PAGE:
The Jinn by Tracy Walsh
She’s such a drama queen, my sister-in-law. Loves to be centre of attention. I remember when me and my brother were kids, we were inseparable. He never minded when his friends laughed at him for playing with his little sister. But then Sumaira arrived and everything changed. They’ve been married a year but they still live here at my parents’ house – hard to afford a place of your own nowadays.
A few raised eyebrows lately, among the aunties, about there being no sign of a baby yet. Well, I overheard a few months ago that Sumaira had been pregnant but had an early miscarriage. I think they started trying again but no luck.
Then Sumaira started to behave very oddly. She was afraid to be left alone in the house. She said there was a Jinn, an evil spirit, after her. One of my uncles was called in to help. He’s dealt with this sort of thing before. He spent hours roaming the house, checking every room. I listened behind the door when he reported back to my parents. “There is no Jinn in this house.” I was impressed – I thought he might have put on a show to impress the family, claiming credit for ridding us of the evil spirit. But no, he suggested in hushed tones that Sumaira should be taken to the doctor.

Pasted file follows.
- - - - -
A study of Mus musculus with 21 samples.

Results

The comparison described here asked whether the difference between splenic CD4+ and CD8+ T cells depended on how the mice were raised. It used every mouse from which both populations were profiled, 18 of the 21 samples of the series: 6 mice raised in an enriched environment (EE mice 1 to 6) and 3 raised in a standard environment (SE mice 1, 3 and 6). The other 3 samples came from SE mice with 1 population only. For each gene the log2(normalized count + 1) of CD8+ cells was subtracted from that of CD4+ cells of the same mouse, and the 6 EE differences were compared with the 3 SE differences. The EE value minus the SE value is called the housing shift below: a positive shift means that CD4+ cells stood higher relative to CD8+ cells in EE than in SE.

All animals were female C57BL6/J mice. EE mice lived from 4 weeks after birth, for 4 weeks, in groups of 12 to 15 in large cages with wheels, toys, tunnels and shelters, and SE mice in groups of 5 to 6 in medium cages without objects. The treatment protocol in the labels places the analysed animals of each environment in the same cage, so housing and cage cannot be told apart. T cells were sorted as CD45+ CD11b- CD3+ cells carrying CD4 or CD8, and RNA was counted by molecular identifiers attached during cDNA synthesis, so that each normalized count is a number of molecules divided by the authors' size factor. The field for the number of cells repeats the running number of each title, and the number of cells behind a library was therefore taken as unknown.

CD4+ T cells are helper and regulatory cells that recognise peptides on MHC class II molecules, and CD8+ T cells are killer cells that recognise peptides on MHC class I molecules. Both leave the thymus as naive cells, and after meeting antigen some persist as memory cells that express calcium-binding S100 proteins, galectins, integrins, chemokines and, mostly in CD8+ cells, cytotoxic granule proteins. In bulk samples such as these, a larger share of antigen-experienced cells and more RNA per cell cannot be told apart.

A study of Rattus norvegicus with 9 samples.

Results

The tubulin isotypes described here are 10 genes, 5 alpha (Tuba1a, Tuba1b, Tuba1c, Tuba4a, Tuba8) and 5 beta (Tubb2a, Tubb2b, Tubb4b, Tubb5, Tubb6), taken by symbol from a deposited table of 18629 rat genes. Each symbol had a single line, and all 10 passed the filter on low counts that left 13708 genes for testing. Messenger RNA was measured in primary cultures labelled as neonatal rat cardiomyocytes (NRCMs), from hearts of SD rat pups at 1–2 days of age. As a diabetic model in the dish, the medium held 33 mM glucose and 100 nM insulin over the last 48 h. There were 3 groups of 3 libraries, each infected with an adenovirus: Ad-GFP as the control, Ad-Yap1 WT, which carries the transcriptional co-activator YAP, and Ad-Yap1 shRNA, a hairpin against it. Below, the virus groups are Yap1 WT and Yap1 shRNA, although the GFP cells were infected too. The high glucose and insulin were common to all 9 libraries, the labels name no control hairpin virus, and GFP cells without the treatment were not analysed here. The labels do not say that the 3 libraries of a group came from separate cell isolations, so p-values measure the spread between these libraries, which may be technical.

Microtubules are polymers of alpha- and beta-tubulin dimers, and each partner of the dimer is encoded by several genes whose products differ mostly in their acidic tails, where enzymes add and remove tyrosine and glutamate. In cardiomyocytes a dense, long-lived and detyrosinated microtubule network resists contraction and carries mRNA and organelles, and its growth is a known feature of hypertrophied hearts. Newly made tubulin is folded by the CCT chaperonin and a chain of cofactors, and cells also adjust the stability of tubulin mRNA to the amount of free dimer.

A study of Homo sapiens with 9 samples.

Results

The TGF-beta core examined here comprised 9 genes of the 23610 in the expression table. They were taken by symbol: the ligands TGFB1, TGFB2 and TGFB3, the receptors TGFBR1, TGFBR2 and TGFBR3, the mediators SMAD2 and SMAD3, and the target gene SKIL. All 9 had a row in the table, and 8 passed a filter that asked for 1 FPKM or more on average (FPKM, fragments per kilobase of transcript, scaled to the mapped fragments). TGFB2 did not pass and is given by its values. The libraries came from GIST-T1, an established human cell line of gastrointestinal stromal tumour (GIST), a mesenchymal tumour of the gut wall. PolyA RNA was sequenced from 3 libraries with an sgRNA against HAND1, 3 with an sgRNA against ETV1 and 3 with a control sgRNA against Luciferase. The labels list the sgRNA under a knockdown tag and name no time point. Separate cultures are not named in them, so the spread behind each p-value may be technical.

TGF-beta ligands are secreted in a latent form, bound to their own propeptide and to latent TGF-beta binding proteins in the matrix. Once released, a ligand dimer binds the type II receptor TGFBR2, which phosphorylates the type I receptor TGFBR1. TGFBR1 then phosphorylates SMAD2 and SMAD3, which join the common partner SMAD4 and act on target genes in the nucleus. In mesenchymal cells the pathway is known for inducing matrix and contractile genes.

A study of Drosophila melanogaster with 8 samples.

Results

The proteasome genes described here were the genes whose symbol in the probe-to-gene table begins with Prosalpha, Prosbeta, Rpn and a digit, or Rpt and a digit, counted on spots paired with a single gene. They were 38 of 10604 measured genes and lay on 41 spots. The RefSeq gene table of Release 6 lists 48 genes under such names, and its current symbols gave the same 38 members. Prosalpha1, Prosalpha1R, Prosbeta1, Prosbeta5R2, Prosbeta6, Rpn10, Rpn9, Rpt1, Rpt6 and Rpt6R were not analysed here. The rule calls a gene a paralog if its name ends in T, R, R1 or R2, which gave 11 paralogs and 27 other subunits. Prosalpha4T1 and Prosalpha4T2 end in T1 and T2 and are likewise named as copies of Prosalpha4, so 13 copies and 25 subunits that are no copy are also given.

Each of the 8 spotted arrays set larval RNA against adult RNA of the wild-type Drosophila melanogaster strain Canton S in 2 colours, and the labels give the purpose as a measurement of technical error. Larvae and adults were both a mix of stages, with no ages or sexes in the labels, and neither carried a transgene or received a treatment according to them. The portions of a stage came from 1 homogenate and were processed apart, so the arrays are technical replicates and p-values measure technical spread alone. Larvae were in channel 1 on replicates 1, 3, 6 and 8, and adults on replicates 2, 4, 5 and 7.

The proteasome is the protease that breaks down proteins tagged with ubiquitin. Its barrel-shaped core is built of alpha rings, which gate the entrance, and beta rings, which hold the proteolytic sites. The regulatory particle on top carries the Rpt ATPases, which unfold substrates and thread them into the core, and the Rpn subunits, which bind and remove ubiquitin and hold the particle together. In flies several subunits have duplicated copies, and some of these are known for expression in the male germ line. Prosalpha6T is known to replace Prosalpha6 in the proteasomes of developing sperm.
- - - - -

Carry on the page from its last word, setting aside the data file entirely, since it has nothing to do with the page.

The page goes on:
They took her next day and returned without her. They said she’d gone to stay with an auntie but later I heard them discussing hospital visiting times. As days turned into weeks the discussions turned to divorce or the possibility of annulment. After all, this sort of thing doesn’t happen in our family. It seems she’s gone for good.
Next time I get the house to myself I need to retrieve my spare mobile phone. The one I hid in the airing cupboard. The one I would ring three of four times whenever Sumaira was alone in the house. The one with the crying baby ringtone.